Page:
One day in 2001, I went to my mailbox and the envelope I found there changed my life. Inside were three contracts from horror author Stephen King, allowing me to make a short film based on one of his short stories under his “Dollar Baby” film agreement.
After a short celebration, I set out and made my short film, “I Know What You Need,” with the money I could raise and realized the hardest part was still ahead of me.
I made a short film based on a Stephen King story but, according to the contracts, I could only use it on my product reel or in film festivals. I had a golden opportunity to use Stephen King’s name to help me move forward in my filmmaking career but how could I capitalize on it without the ability to screen the movie?
The first step I took to promote my new film was to set up a website with all the information I could load onto it. I set the website up under the name of my production company and hired someone to create a poster for the movie.
I found an artist in Massachusetts named Dan Cleri and worked out a deal for him to create the movie poster and then, once it was ready, I slapped it on the front page of the new website with a link going to the movie’s information.
I made sure during filmmaking that we had a still photographer on hand to snap shots throughout the making of the movie. I loaded those stills onto the website to coincide with an online journal detailing the entire making of the movie, from the headaches to the triumphs. Along with the news, I listed an email address for anyone who wanted to contact me.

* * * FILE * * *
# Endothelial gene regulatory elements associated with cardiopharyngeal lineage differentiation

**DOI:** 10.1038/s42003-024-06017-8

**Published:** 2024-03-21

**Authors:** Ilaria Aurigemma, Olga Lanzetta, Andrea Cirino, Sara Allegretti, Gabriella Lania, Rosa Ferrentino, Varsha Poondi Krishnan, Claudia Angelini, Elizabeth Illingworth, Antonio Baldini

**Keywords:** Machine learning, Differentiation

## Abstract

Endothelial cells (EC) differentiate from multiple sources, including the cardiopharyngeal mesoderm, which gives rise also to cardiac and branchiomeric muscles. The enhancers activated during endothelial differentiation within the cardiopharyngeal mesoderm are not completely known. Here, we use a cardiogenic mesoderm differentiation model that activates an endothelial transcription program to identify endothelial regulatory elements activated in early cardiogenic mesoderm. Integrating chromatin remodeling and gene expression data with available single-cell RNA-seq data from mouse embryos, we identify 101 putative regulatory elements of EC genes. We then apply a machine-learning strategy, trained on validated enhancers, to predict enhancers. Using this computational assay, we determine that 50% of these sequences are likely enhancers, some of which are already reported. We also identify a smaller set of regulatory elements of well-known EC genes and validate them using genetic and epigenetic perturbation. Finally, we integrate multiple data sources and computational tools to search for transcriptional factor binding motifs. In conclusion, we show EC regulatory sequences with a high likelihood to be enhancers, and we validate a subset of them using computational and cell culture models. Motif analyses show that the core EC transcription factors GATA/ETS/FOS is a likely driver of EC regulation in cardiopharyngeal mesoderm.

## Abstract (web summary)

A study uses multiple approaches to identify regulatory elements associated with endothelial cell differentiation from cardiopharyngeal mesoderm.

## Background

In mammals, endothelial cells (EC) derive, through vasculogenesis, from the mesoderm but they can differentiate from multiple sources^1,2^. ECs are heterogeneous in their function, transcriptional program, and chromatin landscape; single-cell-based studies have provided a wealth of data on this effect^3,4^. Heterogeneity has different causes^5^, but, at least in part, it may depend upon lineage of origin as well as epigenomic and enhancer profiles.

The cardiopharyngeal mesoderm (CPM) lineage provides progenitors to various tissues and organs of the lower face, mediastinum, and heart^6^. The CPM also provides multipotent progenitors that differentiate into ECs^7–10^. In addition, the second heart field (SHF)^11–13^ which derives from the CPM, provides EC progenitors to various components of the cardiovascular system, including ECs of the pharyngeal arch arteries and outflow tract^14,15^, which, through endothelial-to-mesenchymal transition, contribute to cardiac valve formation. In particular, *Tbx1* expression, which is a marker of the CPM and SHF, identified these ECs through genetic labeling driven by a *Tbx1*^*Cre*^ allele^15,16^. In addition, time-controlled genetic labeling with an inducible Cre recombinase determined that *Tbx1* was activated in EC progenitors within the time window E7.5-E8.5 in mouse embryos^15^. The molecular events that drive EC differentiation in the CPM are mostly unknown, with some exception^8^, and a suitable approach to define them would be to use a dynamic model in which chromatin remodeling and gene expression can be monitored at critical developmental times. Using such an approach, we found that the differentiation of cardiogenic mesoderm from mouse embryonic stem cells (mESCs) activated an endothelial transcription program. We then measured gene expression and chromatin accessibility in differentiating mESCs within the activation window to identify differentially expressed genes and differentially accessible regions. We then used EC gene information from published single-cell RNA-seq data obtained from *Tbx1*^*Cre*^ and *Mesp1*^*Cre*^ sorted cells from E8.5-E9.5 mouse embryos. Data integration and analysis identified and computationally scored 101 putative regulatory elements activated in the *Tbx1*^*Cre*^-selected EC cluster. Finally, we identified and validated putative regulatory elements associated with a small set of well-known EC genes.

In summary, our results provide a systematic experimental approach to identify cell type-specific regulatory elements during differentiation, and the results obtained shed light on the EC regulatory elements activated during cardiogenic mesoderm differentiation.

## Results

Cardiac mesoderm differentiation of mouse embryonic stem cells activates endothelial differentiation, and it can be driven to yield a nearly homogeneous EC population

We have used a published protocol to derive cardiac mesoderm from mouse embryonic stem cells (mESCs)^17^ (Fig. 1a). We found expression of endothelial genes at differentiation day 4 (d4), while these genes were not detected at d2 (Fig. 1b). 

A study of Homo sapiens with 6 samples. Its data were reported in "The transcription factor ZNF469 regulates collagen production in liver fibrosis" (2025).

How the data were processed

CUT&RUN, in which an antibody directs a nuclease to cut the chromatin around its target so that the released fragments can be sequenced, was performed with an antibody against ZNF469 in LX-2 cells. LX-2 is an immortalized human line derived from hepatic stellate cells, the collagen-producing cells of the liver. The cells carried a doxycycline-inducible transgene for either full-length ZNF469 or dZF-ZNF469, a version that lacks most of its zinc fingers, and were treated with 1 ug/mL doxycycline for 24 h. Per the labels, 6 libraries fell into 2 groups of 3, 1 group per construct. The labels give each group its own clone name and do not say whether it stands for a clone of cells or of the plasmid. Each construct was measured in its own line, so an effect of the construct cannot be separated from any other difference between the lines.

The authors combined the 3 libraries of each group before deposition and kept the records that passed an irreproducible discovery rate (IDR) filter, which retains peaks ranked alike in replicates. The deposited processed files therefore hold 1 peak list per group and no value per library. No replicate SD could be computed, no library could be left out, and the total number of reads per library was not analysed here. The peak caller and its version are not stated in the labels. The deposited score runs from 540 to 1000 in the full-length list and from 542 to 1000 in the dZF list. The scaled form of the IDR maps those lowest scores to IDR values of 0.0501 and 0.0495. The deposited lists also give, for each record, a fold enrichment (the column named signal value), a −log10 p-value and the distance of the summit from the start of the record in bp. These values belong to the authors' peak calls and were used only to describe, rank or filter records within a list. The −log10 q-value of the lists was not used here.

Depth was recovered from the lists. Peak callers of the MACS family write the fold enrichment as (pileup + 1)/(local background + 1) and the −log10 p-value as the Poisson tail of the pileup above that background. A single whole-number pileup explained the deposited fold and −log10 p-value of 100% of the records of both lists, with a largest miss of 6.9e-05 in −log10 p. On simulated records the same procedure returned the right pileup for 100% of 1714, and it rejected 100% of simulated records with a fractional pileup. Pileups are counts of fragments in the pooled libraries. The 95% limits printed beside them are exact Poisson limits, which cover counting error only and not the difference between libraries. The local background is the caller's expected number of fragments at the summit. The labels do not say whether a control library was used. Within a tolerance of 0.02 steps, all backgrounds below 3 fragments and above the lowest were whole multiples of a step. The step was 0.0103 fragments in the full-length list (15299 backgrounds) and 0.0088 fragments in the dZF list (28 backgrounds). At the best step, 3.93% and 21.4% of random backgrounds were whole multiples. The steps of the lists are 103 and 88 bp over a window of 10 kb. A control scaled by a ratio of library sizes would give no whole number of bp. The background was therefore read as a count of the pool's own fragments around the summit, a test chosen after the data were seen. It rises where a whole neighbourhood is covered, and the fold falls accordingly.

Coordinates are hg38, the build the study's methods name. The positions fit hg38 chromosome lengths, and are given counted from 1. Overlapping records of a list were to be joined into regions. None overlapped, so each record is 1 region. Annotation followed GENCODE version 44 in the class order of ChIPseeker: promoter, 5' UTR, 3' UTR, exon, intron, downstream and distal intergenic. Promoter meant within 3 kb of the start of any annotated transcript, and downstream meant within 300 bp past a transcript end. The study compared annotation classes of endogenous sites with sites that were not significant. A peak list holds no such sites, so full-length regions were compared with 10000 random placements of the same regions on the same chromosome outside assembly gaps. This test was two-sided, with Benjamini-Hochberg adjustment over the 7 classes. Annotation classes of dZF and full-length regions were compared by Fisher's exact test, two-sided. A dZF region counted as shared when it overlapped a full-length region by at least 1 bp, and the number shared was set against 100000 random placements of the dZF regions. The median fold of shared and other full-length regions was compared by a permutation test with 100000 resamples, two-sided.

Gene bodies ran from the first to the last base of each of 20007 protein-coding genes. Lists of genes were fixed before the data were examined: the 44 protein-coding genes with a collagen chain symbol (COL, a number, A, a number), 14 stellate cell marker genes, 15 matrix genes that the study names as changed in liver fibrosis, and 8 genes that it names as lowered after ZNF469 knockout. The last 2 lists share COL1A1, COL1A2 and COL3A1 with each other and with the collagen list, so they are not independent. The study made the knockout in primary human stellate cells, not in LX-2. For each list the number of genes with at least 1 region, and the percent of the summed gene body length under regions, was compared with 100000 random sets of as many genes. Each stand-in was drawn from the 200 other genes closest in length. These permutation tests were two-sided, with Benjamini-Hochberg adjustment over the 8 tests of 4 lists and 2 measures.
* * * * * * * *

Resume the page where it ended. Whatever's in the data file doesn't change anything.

The website worked perfectly for its intended purpose. Soon, I began to receive emails from other “Dollar Baby” filmmakers, wishing me luck and giving me advice. Then I received an email from a man in the Netherlands named Bernd Lautenslager who runs a Stephen King short movies website.
Bernd contacted me and soon put up a trailer we shot for the movie as well as an interview he conducted with me. This interview and promotion helped get “I Know What You Need” noticed by the Stephen King fansite, “Lilja’s Library.”
“I Know What You Need” was reviewed for Lilja’s Library and I soon received an email asking for permission to show the movie in a film festival at Stephen King’s alma-mater in Bangor, Maine. I quickly jumped at the chance and, once that film festival was made public, I was allowed to enter my movie’s information on IMDB.COM for the world to see.
Since that first festival, I have been able to screen the movie at film festivals in the Netherlands, Argentina and Los Angeles. My website has expired over the years but Bernd keeps the promotion alive through his site and I still get contacted occasionally for requests for screenings. Thanks to hard work promoting “I Know What You Need” online, it helped my movie build up a head of steam and garnered me more attention than I ever dreamed.